4Year-Old Postmodern Cosmology Challenges 20-Year Mainstream Cosmology

LOS ALTOS HILLS, Calif. – Postmodern cosmology is celebrating its fourth anniversary with the publishing of its Big Bang cosmology theory in a book entitled “How Dark Matter Created Dark Energy and the Sun”. The original form of the cosmology theory is described in Part X under the title, “Cosmic-Ray Cosmology: Drexler’s Unified Theory of Dark Matter, Accelerating Expansion, and Star Formation.”

The postmodern Big Bang cosmology theory is based upon utilizing the tangible Relativistic-Proton dark matter, which is related to cosmic-ray protons. Postmodern cosmology is able to use many observations that are more astronomical and relies on considerably fewer hypotheses than does today’s mainstream Big Bang cosmology, which is based upon intangible Cold Dark Matter.

The problem with the 20-year-old Cold Dark Matter hypotheses is that if we attempt to add another astronomical observation to improve the net significance of the Big Bang cosmology results, we most probably would have to add another hypothesis to the list of Cold Dark Matter hypotheses for the group of them to be compatible with the new astronomical observation. Thus, there would be no improvement in net significance.

That is, the problem with current Big Bang cosmology is not a shortage of available relevant astronomical observations, but that the Cold Dark Matter hypotheses cannot generally show compatibility with an added independent astronomical observation without adding another new hypothesis. On the other hand, increasing the number of astronomical observations will increase the net significance for the postmodern Big Bang cosmology, which utilizes Relativistic-Proton dark matter.

This problem with Cold Dark Matter comes about because it is described only in terms of its gravitational effects. There is no other proven physical description to utilize. Until Cold Dark Matter exhibits additional relevant physical characteristics and parameters, its proof of existence will remain inadequate for its use in today’s Big Bang cosmology.

When it was discovered that the postmodern Big Bang cosmology was able to solve more than 15 unsolved cosmic mysteries during the years 2004-2005, a book sequel was authored by Jerome Drexler entitled, “Comprehending and Decoding the Cosmos.” The book, published May 22, 2006, further developed the theory, described, and explained solutions to the more than 15 enigmas.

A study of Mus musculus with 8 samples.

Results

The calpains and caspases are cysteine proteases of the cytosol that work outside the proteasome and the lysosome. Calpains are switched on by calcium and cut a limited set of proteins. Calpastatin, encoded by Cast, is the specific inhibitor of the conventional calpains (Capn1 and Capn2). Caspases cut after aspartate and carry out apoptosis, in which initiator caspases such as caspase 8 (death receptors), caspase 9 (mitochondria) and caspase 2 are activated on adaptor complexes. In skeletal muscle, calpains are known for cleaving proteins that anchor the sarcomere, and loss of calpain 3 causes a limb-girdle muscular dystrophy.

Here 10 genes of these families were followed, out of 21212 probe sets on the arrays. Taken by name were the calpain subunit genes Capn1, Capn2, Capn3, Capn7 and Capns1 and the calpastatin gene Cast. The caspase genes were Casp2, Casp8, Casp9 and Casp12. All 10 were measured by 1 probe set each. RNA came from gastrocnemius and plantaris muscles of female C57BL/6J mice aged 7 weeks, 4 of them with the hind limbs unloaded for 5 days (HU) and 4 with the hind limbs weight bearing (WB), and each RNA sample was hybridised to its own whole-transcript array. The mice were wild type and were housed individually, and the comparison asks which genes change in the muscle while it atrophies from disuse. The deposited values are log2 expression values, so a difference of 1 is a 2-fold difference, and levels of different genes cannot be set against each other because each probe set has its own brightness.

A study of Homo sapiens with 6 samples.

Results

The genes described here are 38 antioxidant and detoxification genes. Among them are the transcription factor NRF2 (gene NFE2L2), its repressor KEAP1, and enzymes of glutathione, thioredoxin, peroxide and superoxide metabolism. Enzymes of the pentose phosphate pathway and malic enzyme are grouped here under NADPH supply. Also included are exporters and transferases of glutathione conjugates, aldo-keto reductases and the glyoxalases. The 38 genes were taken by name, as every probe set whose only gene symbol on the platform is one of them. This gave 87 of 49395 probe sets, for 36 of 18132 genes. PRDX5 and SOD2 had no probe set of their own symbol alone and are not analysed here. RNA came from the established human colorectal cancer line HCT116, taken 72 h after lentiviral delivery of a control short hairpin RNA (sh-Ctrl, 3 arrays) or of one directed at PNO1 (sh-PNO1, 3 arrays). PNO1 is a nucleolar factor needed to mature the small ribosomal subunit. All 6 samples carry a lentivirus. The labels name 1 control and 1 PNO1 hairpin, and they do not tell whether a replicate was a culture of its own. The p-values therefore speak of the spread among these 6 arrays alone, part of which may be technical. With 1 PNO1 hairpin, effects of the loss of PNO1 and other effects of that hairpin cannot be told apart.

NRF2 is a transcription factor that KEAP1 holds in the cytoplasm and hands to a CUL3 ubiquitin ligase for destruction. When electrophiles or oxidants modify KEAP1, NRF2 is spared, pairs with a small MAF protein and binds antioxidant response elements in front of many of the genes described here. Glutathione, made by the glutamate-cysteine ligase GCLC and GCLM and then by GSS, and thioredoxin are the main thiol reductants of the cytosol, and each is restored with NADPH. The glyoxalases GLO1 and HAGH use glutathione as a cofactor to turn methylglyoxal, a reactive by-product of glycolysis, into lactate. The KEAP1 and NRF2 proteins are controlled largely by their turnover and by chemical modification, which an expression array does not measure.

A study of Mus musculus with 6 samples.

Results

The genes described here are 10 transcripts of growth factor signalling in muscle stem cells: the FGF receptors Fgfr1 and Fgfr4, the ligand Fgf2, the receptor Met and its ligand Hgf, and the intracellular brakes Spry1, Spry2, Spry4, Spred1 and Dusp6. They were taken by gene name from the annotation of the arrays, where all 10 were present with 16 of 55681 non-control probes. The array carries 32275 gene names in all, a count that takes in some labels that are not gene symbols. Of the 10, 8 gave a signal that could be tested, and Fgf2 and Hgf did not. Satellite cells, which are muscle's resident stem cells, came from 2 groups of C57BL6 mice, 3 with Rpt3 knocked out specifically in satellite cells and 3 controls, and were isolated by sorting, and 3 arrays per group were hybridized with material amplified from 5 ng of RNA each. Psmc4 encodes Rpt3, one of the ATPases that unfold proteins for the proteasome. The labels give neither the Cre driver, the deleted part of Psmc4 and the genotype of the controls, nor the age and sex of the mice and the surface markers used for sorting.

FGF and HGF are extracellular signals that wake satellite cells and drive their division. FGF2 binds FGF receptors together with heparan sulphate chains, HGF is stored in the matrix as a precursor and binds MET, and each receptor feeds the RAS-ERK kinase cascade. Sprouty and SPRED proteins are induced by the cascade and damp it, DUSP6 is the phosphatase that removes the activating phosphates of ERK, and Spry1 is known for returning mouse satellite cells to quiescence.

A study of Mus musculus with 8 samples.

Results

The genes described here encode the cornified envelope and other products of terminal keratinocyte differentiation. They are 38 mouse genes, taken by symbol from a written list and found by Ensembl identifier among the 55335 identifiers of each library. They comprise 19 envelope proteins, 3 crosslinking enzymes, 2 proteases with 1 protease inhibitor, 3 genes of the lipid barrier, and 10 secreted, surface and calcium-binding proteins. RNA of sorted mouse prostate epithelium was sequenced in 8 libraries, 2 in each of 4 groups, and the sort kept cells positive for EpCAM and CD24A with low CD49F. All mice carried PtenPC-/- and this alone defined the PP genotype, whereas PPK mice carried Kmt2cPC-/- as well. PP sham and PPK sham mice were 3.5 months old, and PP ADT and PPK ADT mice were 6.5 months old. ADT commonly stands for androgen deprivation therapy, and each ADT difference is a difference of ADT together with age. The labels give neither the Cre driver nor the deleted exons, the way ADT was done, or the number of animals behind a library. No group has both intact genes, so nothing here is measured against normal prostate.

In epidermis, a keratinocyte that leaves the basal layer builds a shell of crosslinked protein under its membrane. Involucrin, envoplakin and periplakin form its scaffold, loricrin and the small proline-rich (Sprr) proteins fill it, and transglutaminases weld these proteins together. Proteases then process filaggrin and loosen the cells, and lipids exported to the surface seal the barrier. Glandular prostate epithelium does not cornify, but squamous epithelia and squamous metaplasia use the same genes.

Drexler also posted scientific papers on the physics archive arXiv in 2005 and 2007 that augmented the books and further developed the “Postmodern Big Bang Cosmology,” which is based upon Relativistic-Proton dark matter. The Feb. 15, 2007 scientific paper, e-Print No. physics/0702132, describes the strong linkage between the Big Bang theory and the Relativistic-Proton dark matter theory via the Second Law of Thermodynamics and the entropy level required by the Big Bang at the beginning of time.

The 2006 sequel discloses the roles and functions of Relativistic-Proton dark matter in creating spiral galaxies, stars, starburst galaxies and ultra-high-energy cosmic rays. The subtitle for the book is “Discovering Solutions to Over a Dozen Cosmic Mysteries by Utilizing Dark Matter Relationism, Cosmology, and Astrophysics.”

This book is now cataloged and available in over 40 astronomy or physics libraries around the world including libraries at Harvard, Stanford, Yale, UC Berkeley, UC Santa Cruz, Cornell, Harvard-Smithsonian, Vassar, and the universities of Hawaii, Toronto, Illinois, Edinburgh, Hamburg, Goettingen, Groningen, Copenhagen, Chile, Bologna, Helsinki, Lisbon, Guadalajara, and Kyoto, and the Max-Planck-Institut for Astrophysik.

Jerome Drexler, the author of the book, entered the race to identify dark matter in 2002, by utilizing Albert Einstein’s 1905 Special Theory of Relativity, Claude Shannon’s information theory, Johannes Kepler’s 400-year-old idea of re-analyzing the astronomical data of others, Occam’s (Ockham’s) razor logic of the 14th century and Drexler’s own 50-year career in applied physics research, invention and innovation that began with seven years at Bell Laboratories.

Jerome Drexler is a former NJIT Research Professor in physics at New Jersey Institute of Technology, founder and former Chairman and chief scientist of LaserCard Corp. (Nasdaq: LCRD) and former Member of the Technical Staff of Bell Laboratories. He has been awarded 76 U.S. patents, honorary Doctor of Science degrees from NJIT and Upsala College, a degree of Honorary Fellow of the Technion, an Alfred P. Sloan Fellowship at Stanford University, a three-year Bell Labs graduate study fellowship, the 1990 “Inventor of the Year Award” for Silicon Valley and recognition as the inventor of the familiar “Laser Optical Storage System.” He is a member of the NJIT Board of Overseers and an Honorary Life Member of the Technion Board of Governors.

Jerome Drexler, inventor of the LaserCard optical memory card, worked at Bell Labs, was a research professor in physics at NJIT, and chief scientist of LaserCard Corp. Drexler is the author of four books on his discovery of the nature of dark matter, dark energy and “dark matter cosmology” of the universe.